AI Classifiers are a high-level component, or building block, of Marvin. Like all Marvin components, they are completely standalone: you're free to use them with or without the rest of Marvin.
What it does
@ai_classifier is a decorator that lets you use LLMs to choose options, tools, or classify input.
from marvin import ai_classifier from enum import Enum @ai_classifier class CustomerIntent(Enum): """Classifies the incoming users intent""" SALES = 1 TECHNICAL_SUPPORT = 2 BILLING_ACCOUNTS = 3 PRODUCT_INFORMATION = 4 RETURNS_REFUNDS = 5 ORDER_STATUS = 6 ACCOUNT_CANCELLATION = 7 OPERATOR_CUSTOMER_SERVICE = 0 CustomerIntent("I got double charged, can you help me out?")
How it works
Marvin enumerates your options, and uses a clever logit bias trick to force an LLM to deductively choose the index of the best option given your provided input. It then returns the choice associated with that index.
When to use
- Best for classification tasks when no training data is available.
- Best for writing classifiers that need deduction or inference.
The technique that AI Classifiers use for speed and correctness is only available through the OpenAI API at this time. Therefore, AI Classifiers can only be used with OpenAI-compatible LLMs, including the Azure OpenAI service.
Creating an AI Classifier¶
AI Classifiers are Python
Enums, or classes that can represent one of many possible options. To build an effective AI Classifier, be as specific as possible with your class name, docstring, option names, and option values.
To build a minimal AI Classifier, decorate any standard enum, like this:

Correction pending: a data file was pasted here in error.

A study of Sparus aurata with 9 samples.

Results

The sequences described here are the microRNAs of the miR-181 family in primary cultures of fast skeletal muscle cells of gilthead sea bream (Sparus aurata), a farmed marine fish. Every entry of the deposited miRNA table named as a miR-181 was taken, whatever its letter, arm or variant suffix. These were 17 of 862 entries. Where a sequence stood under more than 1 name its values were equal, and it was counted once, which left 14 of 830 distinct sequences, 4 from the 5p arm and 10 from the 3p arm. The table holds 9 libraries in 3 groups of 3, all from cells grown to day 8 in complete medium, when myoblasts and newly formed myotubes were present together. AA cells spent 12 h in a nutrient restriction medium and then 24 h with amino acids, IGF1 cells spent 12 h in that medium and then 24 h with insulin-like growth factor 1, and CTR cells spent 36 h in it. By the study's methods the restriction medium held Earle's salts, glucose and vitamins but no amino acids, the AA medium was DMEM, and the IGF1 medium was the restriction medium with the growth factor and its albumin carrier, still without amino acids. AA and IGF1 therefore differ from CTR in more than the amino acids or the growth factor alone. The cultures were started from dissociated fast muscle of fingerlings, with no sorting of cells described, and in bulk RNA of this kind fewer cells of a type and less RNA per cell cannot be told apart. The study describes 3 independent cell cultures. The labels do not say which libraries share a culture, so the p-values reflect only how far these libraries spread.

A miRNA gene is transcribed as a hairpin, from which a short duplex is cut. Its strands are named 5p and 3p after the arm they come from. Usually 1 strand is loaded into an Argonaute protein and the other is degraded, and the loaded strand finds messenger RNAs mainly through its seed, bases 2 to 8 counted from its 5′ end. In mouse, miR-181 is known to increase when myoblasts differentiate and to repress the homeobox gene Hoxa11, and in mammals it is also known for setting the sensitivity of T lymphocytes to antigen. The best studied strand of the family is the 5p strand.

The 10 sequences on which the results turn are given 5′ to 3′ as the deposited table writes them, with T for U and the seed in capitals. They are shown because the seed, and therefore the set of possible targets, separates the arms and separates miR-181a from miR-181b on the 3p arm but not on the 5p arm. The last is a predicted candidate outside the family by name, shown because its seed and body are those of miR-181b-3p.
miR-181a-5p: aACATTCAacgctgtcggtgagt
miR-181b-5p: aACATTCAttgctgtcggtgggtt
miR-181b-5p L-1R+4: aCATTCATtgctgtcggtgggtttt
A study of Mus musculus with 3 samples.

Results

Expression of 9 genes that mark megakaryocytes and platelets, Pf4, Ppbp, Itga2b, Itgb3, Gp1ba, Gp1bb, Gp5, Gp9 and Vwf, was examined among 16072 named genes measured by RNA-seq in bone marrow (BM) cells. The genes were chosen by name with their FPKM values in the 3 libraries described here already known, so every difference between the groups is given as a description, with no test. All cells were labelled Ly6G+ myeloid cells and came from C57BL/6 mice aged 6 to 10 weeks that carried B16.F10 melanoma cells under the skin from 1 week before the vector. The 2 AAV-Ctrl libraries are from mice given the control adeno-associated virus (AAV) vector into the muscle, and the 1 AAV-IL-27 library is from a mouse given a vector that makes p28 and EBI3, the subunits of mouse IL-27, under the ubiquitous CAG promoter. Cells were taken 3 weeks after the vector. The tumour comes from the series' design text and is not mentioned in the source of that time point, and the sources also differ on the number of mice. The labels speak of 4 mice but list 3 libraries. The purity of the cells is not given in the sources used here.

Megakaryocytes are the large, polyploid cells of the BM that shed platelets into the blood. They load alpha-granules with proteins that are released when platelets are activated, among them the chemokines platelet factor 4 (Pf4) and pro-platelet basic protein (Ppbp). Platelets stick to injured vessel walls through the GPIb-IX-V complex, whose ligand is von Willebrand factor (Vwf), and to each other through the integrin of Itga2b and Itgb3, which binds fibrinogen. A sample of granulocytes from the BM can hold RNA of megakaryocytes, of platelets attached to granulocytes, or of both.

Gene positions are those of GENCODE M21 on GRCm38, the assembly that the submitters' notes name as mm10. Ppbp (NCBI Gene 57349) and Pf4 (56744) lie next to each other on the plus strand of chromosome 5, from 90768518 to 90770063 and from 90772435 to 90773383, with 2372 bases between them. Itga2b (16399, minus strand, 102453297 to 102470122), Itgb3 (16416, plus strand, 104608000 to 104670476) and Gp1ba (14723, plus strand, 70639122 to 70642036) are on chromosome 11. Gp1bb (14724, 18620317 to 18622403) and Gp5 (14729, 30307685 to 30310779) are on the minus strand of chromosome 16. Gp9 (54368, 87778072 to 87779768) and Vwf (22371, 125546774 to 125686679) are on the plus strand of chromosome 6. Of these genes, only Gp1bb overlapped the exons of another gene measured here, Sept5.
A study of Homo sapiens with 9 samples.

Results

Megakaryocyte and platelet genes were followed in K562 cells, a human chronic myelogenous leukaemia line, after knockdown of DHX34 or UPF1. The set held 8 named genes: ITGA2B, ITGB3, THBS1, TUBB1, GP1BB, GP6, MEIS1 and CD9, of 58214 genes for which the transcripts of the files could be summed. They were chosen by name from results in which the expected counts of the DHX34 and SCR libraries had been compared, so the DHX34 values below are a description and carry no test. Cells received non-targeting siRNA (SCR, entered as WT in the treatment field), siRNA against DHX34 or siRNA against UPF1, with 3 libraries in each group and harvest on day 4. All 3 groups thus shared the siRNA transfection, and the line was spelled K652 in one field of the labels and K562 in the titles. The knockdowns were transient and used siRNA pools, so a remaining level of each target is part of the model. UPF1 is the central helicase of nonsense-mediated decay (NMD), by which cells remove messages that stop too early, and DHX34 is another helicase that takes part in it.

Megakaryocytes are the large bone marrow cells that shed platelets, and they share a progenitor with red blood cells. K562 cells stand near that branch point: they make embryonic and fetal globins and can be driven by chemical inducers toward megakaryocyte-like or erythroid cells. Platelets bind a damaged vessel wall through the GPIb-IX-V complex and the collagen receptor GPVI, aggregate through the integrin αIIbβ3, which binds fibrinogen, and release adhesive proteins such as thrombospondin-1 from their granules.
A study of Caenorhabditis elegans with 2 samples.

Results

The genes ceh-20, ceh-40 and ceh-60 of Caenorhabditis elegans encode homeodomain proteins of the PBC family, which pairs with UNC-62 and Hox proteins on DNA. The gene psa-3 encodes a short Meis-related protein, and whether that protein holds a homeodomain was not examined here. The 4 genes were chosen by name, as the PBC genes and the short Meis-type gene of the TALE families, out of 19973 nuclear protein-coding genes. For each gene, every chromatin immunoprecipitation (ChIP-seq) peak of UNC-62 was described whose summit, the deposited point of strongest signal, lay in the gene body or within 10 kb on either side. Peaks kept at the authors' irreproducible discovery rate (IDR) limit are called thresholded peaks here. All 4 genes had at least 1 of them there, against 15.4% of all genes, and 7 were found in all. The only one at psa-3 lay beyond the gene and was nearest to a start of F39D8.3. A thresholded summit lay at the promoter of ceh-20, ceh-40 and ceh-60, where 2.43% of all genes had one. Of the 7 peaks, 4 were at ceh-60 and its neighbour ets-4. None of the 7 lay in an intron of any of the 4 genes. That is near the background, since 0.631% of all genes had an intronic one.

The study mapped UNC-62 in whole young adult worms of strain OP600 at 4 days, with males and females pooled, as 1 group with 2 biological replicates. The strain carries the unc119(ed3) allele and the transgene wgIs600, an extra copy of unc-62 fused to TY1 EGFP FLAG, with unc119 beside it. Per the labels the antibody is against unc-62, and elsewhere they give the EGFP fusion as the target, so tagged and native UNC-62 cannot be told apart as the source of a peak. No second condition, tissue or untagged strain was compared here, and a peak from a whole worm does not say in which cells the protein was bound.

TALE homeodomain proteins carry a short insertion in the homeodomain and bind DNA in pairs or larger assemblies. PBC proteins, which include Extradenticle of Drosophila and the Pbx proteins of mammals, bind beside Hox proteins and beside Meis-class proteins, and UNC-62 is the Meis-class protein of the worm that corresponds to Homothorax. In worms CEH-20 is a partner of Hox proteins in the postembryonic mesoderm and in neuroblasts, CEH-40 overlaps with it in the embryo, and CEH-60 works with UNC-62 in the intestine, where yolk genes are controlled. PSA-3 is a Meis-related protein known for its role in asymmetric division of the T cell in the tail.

Because AI Classifiers are enums, you can use any enum construction you want, including the all-caps string approach above, integer values,
enum.auto(), or complex values. The only thing to remember is that the class you build is essentially the instruction that gets sent to the LLM, so the more information you provide, the better your classifier will behave.
For example, you may want to have a classifier that has a Python object (like an AI Model!) as its value, but still need to provide instruction hints to the LLM. One way to achieve that is to add descriptions to your classifier's values that will become visible to the LLM:
# dummy objects that stand in for complex tools WebSearch = lambda: print("Searching!") Calculator = lambda: print("Calculating!") Translator = lambda: print("Translating!") @ai_classifier class Router(Enum): translate = dict(tool=Translator, description="A translator tool") web_search = dict(tool=WebSearch, description="A web search tool") calculator = dict(tool=Calculator, description="A calculator tool") result = Router("Whats 2+2?") result.value["tool"]()
Configuring an AI Classifier¶
In addition to how you define the AI classifier itself, there are two ways to control its behavior at runtime:
You can control an AI classifier's behavior by providing instructions. This can either be provided globally as the classifier's docstring or on a per-call basis when you instantiate it.
Instructions can also be provided for each call:
Configuring the LLM¶
@ai_classifier uses the global LLM settings. To specify a particular LLM, pass it as an argument to the decorator.
ai_classifier will always output one of the options you've given it
from marvin import ai_classifier from enum import Enum @ai_classifier class AppRoute(Enum): """Represents distinct routes command bar for a different application""" USER_PROFILE = "/user-profile" SEARCH = "/search" NOTIFICATIONS = "/notifications" SETTINGS = "/settings" HELP = "/help" CHAT = "/chat" DOCS = "/docs" PROJECTS = "/projects" WORKSPACES = "/workspaces" AppRoute("update my name")
ai_classifier only asks your LLM to output one token, so it's blazing fast - on the order of ~200ms in testing.
ai_classifier will be deterministic so long as the underlying model and options does not change.